Remember This? Wooden sleds with runners

Dorri Partain
Northeast News

The kids will be dashing through the snow (next time the white stuff hits town) if Santa left a sled under the tree, creating years of winter fun memories.

The sled, whether the runners were wooden or metal, has been used since ancient times to carry people and goods across snow or sand-covered terrain.

Using a sled for recreational purposes, often called “coasting,” became a popular pastime for children and adults alike in the mid-1800s.

Paris Hill Manufacturing Co., founded by Henry F. Morton in 1861, started as a home-based business that produced one sled at a time.

Morton’s wife Lucilla painted the sleds that he crafted from wood in their kitchen.

By 1869, demand became great enough they built a factory in their hometown of Paris Hill, Maine.

While popular, downhill coasting could also be dangerous because the sled had no steering mechanism to avoid approaching objects, such as rocks, trees, or other sleds.

Samuel Leeds Allen, a manufacturer and inventor of farm implements, needed a product to keep his production line operating year-round.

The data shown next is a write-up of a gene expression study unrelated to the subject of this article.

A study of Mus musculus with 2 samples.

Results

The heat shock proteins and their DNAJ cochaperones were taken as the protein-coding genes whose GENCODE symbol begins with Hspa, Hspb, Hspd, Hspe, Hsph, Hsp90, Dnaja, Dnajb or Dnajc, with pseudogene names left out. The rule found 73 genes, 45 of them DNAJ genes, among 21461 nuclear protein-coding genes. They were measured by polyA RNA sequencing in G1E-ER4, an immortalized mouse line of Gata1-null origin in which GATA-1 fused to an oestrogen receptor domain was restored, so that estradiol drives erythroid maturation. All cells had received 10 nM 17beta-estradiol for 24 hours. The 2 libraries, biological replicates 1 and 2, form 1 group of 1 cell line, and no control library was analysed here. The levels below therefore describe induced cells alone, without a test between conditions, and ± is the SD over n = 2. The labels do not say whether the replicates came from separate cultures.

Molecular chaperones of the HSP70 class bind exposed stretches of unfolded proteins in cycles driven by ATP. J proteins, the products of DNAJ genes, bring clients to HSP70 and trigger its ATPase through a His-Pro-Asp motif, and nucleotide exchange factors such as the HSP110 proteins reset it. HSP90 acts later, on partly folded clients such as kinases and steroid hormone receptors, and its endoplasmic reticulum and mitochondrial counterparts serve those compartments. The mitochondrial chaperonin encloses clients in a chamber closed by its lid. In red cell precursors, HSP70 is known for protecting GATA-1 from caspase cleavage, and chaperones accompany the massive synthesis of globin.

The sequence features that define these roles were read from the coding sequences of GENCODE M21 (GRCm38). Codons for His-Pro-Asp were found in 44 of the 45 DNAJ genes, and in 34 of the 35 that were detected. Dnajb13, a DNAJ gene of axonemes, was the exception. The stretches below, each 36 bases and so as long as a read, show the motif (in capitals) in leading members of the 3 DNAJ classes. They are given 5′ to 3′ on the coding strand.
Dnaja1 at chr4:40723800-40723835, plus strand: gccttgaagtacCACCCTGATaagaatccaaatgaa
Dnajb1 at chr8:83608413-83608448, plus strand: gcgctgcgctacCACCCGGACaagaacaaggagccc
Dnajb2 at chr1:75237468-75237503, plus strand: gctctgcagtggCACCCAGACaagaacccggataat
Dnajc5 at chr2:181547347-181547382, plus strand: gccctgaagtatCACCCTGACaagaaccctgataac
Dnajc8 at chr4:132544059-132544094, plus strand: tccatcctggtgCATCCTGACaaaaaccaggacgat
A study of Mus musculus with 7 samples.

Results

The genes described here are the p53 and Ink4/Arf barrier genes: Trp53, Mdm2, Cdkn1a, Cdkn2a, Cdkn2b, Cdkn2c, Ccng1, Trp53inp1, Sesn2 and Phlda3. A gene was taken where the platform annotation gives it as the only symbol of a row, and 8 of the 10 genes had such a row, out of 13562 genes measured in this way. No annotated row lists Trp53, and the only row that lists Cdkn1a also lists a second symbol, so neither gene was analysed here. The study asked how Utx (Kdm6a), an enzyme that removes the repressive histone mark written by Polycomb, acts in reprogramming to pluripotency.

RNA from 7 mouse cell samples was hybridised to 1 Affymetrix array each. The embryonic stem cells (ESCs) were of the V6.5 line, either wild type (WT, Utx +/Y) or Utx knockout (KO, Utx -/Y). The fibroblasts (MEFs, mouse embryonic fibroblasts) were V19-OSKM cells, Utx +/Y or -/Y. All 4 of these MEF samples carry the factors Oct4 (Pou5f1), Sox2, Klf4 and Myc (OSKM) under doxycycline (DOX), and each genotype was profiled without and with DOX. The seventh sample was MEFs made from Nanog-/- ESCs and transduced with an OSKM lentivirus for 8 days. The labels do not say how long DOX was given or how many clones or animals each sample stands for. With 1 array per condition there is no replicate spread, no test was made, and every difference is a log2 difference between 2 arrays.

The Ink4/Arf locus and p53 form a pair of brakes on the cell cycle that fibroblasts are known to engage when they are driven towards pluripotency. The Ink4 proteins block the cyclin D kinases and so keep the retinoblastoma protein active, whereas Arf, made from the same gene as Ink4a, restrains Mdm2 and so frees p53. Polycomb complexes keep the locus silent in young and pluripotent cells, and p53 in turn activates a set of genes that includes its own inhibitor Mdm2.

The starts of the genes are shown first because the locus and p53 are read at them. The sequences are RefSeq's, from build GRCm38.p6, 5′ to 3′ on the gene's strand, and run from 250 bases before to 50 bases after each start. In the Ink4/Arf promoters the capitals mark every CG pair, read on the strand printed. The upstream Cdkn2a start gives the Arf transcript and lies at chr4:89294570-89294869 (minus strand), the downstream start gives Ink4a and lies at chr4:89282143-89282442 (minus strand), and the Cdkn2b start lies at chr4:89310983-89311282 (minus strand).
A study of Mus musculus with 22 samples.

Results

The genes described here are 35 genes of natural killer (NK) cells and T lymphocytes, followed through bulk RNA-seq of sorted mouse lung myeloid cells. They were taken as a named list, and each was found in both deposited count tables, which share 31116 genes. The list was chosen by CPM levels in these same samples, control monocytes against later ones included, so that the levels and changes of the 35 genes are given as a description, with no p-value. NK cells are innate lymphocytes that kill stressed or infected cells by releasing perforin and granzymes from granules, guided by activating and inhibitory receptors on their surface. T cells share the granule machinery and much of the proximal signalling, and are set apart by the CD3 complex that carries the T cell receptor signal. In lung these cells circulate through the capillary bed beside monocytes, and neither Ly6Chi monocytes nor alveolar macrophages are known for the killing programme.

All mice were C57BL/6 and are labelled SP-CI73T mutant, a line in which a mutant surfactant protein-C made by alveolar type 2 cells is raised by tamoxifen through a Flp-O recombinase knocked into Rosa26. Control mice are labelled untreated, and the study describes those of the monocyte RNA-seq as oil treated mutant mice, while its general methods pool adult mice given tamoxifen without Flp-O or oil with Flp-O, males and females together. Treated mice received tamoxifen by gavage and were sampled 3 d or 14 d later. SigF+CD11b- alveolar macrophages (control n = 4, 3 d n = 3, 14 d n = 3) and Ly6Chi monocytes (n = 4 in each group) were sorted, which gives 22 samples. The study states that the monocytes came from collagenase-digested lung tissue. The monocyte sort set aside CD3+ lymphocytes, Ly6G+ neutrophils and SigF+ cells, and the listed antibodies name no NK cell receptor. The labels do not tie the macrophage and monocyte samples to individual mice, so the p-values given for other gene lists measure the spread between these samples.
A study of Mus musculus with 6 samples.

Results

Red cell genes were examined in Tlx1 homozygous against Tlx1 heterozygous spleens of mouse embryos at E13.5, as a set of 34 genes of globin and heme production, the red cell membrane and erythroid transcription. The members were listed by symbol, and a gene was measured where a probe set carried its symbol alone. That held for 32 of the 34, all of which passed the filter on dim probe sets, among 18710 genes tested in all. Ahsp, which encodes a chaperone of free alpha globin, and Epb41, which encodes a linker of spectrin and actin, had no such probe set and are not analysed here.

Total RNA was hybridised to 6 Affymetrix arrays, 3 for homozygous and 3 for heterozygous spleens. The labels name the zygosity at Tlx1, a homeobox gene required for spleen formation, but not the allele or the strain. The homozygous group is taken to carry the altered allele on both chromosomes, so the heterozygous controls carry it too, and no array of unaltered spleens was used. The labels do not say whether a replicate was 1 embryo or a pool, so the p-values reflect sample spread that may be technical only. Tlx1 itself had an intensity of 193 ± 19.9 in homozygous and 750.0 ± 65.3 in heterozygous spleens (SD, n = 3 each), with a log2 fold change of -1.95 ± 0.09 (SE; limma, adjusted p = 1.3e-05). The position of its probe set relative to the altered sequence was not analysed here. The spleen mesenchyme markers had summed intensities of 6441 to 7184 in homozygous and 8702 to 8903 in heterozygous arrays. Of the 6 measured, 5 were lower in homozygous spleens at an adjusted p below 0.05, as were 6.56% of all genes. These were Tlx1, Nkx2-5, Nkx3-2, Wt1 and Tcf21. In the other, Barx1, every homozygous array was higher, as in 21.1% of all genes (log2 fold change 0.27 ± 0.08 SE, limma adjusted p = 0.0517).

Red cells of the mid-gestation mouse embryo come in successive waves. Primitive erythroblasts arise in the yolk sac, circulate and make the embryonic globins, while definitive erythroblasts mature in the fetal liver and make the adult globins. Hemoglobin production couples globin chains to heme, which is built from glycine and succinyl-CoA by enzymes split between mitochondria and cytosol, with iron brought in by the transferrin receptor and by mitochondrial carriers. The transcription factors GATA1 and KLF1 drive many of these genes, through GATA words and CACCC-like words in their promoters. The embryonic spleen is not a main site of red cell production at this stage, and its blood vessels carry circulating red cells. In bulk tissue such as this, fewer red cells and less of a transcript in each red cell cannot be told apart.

Dubbed “The Flexible Flyer,” Leeds received U.S. Patent 408,681 on August 13, 1889 and began manufacturing his new and improved version.

By 1900, the Flexible Flyer had become the most popular brand of sled, and other sled companies began creating their own versions with steering mechanisms.

Retailer Montgomery Wards version, shown here, carried the Hawthorne label.

As listed in the 1968 Christmas catalog, the Deluxe model’s “Y-type steering bar and sure hold hand grips assure easier control on turns and curves” and featured “spiral wood grips for easier carrying.”

Available in four different sizes, the largest (58 inches) sold for $12.88 and could be steered with the hands if lying down or the feet if sitting up.

Since 1978, the Flexible Flyer has been manufactured by Paricon, owned by the great-grandchildren of Henry Morton.

Montgomery Wards, which had a huge presence here in the Historic Northeast, went out of business in 2001.